A beautifully warming, aromatic spice of the winter season, even a small amount of Cinnamon goes a long way. Its antioxidant properties are what makes it so beneficial for our bodies; it has even been ranked number one of the medicinal herbs (26 total) to have the highest amount of antioxidants. As little as half a teaspoon daily can have positive effects on blood sugar levels, immunity, digestion, and more. Include cinnamon in even higher quantities to your diet and you could also experience the benefits of improving your heart disease prevention risk, cutting risk for diabetes, cancer, and some neuro-degenerative diseases.
On tablespoon of ground cinnamon contains; 4 grams of fiber, 68% manganese, 8% calcium, 4% iron, and 3% Vitamin K. The smell, flavor, and color of cinnamon is due to the oily part of the tree it grows from, the bark of the Cinnamomum tree. The bark particularly contains compounds which are responsible for many health promoting properties, including cinnamaldehyde, cinamic acid, and cinnamate. Researchers have found that the health benefits of cinnamon can be obtained in the form of its pure bark, ground spice (bark powder), essential oils, or in extract form when its special phenolic compounds, antioxidants, and flavonoids are isolated. The compunds specifically benefit our health with a substantial dose of antioxidants, anti-inflammatory agents, anti-diabetic properties, immunity boosting compounds, anti-microbial properties, cancer fighters and heart disease protecting capabilities.
This spice is renowned for having one of the highest ratios of antioxidant properties per teaspoon, in fact it has been ranked number 7 of all the spices around the world. It has a variety of antioxidants that reduce free radical damage and slow the aging process, notably researchers have identified 41 compounds within cinnamon to date. The type of antioxidant properties particularly important include; polyphenols, flavonoids, and phenolic acid. These components can also be found in “superfoods” like; dark chocolate, berries, and red wine. The work particularly to fight oxidative stress in the body, which can lead to disease formation as the body ages.
Inflammation in the body leads to disease eventually, combating that process with a healthy lifestyle and a diet rich in antioxidants can help lower the risk of heart disease, cancers, brain function decline, etc.. Because cinnamon has compounds that can lower swelling and inflammation within the body it can be helpful when seeking to reduce pain in the body ranging from muscle soreness, PMS symptoms, allergic reactions, and perhaps even lessen arthritic pain.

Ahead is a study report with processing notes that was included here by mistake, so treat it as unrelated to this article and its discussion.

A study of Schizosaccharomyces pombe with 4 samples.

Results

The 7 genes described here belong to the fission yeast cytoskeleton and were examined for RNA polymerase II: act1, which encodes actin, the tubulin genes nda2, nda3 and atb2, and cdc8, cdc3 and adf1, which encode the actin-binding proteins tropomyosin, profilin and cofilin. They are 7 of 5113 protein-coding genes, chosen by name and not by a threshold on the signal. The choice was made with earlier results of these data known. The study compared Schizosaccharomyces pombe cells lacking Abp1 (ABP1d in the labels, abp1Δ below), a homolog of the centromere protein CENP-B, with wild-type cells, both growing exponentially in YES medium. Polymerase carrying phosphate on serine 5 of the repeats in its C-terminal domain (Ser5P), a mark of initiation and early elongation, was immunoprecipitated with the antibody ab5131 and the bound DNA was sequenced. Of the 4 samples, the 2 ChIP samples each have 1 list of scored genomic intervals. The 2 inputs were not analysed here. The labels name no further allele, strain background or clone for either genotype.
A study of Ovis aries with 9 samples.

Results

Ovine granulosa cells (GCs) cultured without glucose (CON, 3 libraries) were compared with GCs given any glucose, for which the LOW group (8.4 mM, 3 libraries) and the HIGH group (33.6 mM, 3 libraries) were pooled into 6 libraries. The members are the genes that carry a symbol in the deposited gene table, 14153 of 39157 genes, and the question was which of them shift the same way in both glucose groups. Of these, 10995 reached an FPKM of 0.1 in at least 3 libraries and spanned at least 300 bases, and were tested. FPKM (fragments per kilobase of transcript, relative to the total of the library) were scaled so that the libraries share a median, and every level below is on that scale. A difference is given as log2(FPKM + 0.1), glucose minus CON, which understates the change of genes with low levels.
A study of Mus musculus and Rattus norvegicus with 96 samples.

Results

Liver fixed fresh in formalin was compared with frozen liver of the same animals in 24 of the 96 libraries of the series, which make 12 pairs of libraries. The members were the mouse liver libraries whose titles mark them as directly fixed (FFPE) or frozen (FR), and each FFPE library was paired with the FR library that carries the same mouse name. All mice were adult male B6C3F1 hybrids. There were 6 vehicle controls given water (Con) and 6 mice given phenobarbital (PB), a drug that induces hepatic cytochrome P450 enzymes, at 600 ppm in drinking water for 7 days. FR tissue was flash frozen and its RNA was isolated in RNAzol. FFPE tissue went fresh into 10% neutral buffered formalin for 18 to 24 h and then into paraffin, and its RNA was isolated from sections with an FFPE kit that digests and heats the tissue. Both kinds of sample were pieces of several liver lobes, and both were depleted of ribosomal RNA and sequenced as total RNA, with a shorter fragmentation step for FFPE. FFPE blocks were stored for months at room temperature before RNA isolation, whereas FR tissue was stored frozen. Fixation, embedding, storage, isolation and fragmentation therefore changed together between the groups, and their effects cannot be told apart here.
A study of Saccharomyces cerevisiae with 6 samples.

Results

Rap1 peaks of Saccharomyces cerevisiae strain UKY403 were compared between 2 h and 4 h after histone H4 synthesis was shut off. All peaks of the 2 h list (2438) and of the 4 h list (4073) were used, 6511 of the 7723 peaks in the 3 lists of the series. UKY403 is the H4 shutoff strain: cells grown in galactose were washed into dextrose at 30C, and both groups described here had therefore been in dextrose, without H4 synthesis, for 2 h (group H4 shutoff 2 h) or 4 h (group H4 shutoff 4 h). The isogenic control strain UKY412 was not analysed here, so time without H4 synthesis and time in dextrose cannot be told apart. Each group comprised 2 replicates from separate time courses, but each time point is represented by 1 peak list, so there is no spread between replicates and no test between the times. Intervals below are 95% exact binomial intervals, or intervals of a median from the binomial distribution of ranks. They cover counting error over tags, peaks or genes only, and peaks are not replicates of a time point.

Heart Health Protector
Cinnamon has been shown throughout many studies to reduce several common risk factors for heart disease; high cholesterol levels, high triglyceride levels, and high blood pressure. The compounds in cinnamon help to reduce levels of total cholesterol, LDL (bad stuff) and triglycerides, while maintaining stability within HDL cholesterol (good guys). It has also been shown to reduce high blood pressure. Research has also shown that cinnamon can be helpful as a blood coagulant and prevents bleeding by healing the body form a beneficial clot. Cinnamon also helps with blood circulation allowing the body to repair itself after it’s been damage (think muscle soreness-allowing the body to open up blood flow allows for fresh oxygenated blood to repair the tissues). This also includes heart tissue which needs regular regeneration in order to fight off heart disease.
Cinnamon has also been noted to have an anti-diabetic effect. It helps to lower blood sugar levels and can also improve sensitivity to the hormone insulin, a vital hormone for stabilizing blood sugar levels. Diabetes occurs when insulin resistance forms and poor glycemic control takes place, or someones develops the inability to manage how much sugar (glucose) enters the blood stream. The same insulin resistance is associated with other conditions like weight gain and metabolic syndrome. Cinnamon helps to block certain enzymes call alanines which allows for glucose to be absorbed into the blood. It helps to decrease he amount of sugar that is allowed within the blood after a meal, which can be crucial for those with diabetes.
Defends Against Cognitive Decline
Research shows strong evidence that cinnamon’s protective antioxidant properties can help defend the brain against developing neurological disorders, such as Alzheimer’d and Parkinson’s. It holds neuro-protective proteins that protect the brain cells from mutations and undergoing damage (increased blood flow, remember). This further reduces negative effects of oxidative stress by stopping the cells from morphing and self-destructing. Due to it’s high level of antioxidants and anti-inflammatory compounds that reduce the effects of aging on the body and brain, in the future we may certainly see it being used as a possible natural therapeutic treatment or prevention for age related neuro-degenerative diseases.
Cinnamon holds truly powerful natural remedies for disease treatment and prevention. It also, luckily, is easy to incorporate into your diet and a delicious add-in at that. Other than the obvious baking with cinnamon, there are quite a few savory dishes that benefit from its richness, warmth, and add a depth of flavor to a dishes profile. Particularly stews, curries, and even a tomato based recipe can take on a new level of flavor when just a hint is added. Think of including it when you are seeking to add in more warmth, spice, and mild sweetness. Cinnamon is also easy to include to your morning coffee (to the grounds or stirred straight in), oatmeal, sprinkled over fruit and nuts, in a smoothie or in yogurt. Find a way to incorporate it daily and maintain that for long-term health benefits.